When Grace and Steve Poplawski first met in Grade 10 at St. Francis Xavier High School, there was a hint of fireworks between them – mostly in the form of hurled insults from across the room.
It seems that teenagers have funny ways of showing their affection because, 16 years later, there were literal fireworks at their wedding. But it tookSteve two attempts at proposing to Grace before the spectacle could begin.
Steve had first planned to propose to Grace after a romantic hike in Banff National Park. The couple had been dating for eight years and Grace, suspecting a ring, made sure she dressed up, heels and all, for their amorous and chilly hike. Did I mention it was January?
“You can imagine how shocked I was when I found myself sitting at the bottom of our first hike and realized that Steve actually expected me to climb it in minus-15 degrees weather,” says Grace. Well, hike they did, until Grace’s high heels betrayed her. She fell on her wrist and they ended the adventure before she saw the rocks Steve had set out earlier spelling “Grace and Steve Forever,” visible only from the highest point of the hike.
While Steve wasn’t able to pop the question that first time, the second attempt was a success. Grace was headed to a gala and leaving their apartment to meet her friend outside, but when she stepped into the lobby, Steve’s best friend was there instead. He showed her to a limo, where she was driven to the top of Gallagher Hill while she was show a video on an iPod that Steve made about their relationship. Steve awaited her at the top of the hill, and she accepted his proposal.
On August 21, 2010, the couple exchanged their vows in a lake-themed wedding before 100 family members and friends. The ceremony took place about 90 minutes south of Edmonton in a small church in Bentley. Grace’s grandfather had been one of the founding parishioners.
The bride wore a romantic Pattis gown with delicate, pleated organza straps, a fitted lace bodice and textured, crushed-tulle train with tulle rosettes and lace. “I wanted a dress that would complement the cozy venue of a small country church,” she says.
Her grandmother, Grace Morrisroe, also the matron of honour, wore a custom-made turquoise dress by Edmonton designer Tammy Luu. In fact, the bride left the official wedding colour up to her grandmother. “I remember telling her that as long as she was willing to be my matron of honour, she could wear whatever colour and style of dress she wanted,” says Grace. “She chose turquoise, which was perfect for the lake theme.”
“I love all the time and effort Grace puts into nurturing her relationships with family, friends, and especially me,” says Steve. “Grace goes out of her way to make others feel special.”
Turquoise turned out to be the right colour for the wedding. The shade popped on the couple’s letter-pressed invitations, programs, place cards, menus and thank-you cards, all of which featured a watercolour picture that Grace had painted of her and Steve sitting on a dock at Sylvan Lake. And, not only did they decorate the reception with the watery hue – and give away custom bags of turquoise popcorn and bottles of the same coloured Jones Soda, relabelled “Poplawski Soda Pop” – the newlyweds used Grace’s turquoise 2002 Mazda Miata as their post-ceremony getaway car. They stayed true to their colours even during the photo shoot, when they stopped into an ice cream shop and opted for bubblegum flavour.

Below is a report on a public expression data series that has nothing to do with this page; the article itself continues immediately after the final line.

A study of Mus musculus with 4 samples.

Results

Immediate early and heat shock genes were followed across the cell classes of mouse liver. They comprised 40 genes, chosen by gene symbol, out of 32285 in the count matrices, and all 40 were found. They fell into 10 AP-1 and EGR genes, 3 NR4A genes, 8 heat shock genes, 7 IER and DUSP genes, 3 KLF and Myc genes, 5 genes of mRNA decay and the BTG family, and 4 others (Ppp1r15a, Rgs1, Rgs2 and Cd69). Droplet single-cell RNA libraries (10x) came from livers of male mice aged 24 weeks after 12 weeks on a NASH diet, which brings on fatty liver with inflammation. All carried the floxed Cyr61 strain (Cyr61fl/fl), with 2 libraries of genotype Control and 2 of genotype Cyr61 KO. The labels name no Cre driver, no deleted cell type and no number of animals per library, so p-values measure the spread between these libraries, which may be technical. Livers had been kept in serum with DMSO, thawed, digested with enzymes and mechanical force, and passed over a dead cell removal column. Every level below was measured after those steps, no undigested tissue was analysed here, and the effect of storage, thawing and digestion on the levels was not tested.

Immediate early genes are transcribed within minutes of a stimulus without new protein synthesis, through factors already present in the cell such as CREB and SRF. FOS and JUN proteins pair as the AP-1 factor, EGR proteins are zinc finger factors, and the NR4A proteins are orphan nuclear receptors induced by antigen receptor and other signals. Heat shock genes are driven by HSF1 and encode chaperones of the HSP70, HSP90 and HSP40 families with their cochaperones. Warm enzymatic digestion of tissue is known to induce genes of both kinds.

They hired local florist Nathan Graham of Graham and Lane Florists to design the bouquets and arrangements using a combination of simple white and ivory flowers – gardenias, hydrangeas, lilies, dendrobium orchids and roses. Adding white anthuriums (a waxy heart-shaped flower) to the reception table arrangements upped the ambience at the lake venue, which was Grace’s parents’ lakeside home, located about a 20-minute drive from the church.
As guests waited at the lakeshore reception with bubble blowers for the newlyweds to arrive by boat, they were treated to a signature wedding cocktail called the Sylvan Sunset (a thirst-quencher made with champagne, Aliz Red Passion and a raspberry garnish) while’70s disco and surf rock played. Their entrance was followed by the usual mirth, a dinner by Sawmill Catering and cupcakes made by the newlyweds’ mothers.
And, that brings us back to the fireworks. Two of Grace’s three brothers, Steven and Anthony Reid, surprised guests with a 15-minute fireworks display, choreographed to music from Fantasia. Everyone wore 3-D glasses, but only Grace and Steve got first-class seating on a specially placed bench.
Afterwards, “the dance was such a success that my dad ordered an extra shuttle because guests didn’t want to leave,” says Grace.
“At the end of the night, I remember feeling that I didn’t want the evening to end,” says Steve.
But Grace’s favourite moment happened when Steve placed on her finger a 14-karat white-gold wedding band with 10 diamonds. It was her grandmother’s 60-year anniversary band, and a month before the wedding, she took if off and offered it to Grace.
“She told me that she hoped it would bring the 63 years of marital bliss that she had shared with my grandfather,” says Grace.
Looking back at their first year of marriage, Steve describes it as an adventure. They travelled to Africa for their honeymoon and lived in Calgary, Victoria and now California, where Steve is completing a fellowship at Stanford University in radiology and Grace, an adjunct assistant professor with the University of Alberta, does guest lecturing and presentations. The adventure will continue when they return to Alberta in June.
If you can get vaccinated before the end of summer, will you consider going on vacation?